College athletes and domestic violence, revisited

Bravo to ESPN.com’s Dana O’Neil for this well-reported piece on the complicated backdrop of college athletes and domestic violence and how some universities are trying to address the problem.

In particular, she was careful to point out that the case of George Huguely, a University of Virginia lacrosse player charged this spring with the murder of a member of the women’s lacrosse team, reflects a campus culture that goes far beyond the game and the cloistered world of sports:

“After Huguely, the blame was placed at the foot of lacrosse. The sport, sullied before by the Duke scandal, was attacked again, with critics arguing that the typically moneyed and privileged lacrosse player would be more apt to condone Huguely’s behavior.

“And in the ensuing mayhem, of lacrosse fans screaming in defense of their sport and detractors insisting it was nothing more than a bastion of testosterone-fueled trouble, the real problem was lost.

“It wasn’t about lacrosse.

“It’s about a college climate, where young men and women still experimenting with adulthood try to survive the land mines in front of them. Emotions, too often fueled by alcohol, bubble and burst without Mom and Dad to help bring them back to a calm simmer. People struggle with doing the right thing versus testing the limits of their coveted friendships.”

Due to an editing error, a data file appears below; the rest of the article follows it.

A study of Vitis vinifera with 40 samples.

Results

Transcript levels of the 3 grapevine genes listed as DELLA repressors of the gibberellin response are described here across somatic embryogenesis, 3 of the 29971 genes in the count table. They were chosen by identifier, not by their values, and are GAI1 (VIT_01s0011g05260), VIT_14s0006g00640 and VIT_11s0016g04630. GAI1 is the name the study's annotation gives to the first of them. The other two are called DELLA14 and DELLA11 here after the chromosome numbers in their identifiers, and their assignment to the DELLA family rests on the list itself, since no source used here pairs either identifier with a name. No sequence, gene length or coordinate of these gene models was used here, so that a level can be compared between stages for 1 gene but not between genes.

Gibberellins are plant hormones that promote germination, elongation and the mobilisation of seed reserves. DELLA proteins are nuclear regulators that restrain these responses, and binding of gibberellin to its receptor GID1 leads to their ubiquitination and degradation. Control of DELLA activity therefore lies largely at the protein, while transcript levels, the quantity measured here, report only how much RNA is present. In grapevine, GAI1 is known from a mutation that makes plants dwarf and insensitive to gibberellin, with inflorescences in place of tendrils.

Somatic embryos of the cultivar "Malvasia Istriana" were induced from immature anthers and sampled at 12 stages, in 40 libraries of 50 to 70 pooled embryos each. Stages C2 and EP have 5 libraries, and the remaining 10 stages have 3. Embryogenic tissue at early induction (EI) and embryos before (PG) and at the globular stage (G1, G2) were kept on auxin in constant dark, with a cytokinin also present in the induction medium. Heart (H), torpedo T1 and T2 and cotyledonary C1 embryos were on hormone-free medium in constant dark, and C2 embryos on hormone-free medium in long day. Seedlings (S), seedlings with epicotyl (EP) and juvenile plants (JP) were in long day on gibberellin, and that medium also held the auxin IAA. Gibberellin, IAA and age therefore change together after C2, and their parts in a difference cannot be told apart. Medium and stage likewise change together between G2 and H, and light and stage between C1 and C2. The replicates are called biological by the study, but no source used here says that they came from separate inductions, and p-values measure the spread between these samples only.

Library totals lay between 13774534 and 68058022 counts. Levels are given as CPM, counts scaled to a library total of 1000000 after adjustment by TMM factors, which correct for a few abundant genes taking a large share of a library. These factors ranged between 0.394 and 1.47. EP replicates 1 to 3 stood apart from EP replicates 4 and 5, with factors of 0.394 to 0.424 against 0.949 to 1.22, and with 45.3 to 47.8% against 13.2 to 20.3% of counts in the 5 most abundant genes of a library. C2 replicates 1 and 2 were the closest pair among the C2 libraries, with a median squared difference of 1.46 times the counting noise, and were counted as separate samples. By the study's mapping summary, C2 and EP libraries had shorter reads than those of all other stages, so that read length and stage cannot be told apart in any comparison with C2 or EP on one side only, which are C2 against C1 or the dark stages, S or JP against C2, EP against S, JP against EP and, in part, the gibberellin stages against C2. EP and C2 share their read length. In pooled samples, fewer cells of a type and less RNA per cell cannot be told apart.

Suggesting even the possibility of such human complexity a decade or so ago was a virtually taboo notion in the mainstream media, which was taken instead by the toxic pronouncements of Mariah Burton Nelson — channeling the even more egregious Catherine MacKinnon — that the “male sports culture” is inherently misogynistic.

Yet there is more recent media hysteria over the above-mentioned Duke lacrosse scandal as well as the Virginia tragedy that I called out as the typical journalistic rush to judgment.

It’s still tempting to search for easy labels to explain this behavior when there really are none. Crime is about the actions of individuals as individuals — and not as members of a group.

The time to stop condemning all male athletes for the actions of a few is long overdue, and O’Neil provides a rare, ideology-free perspective with a healthy understanding of what’s at stake.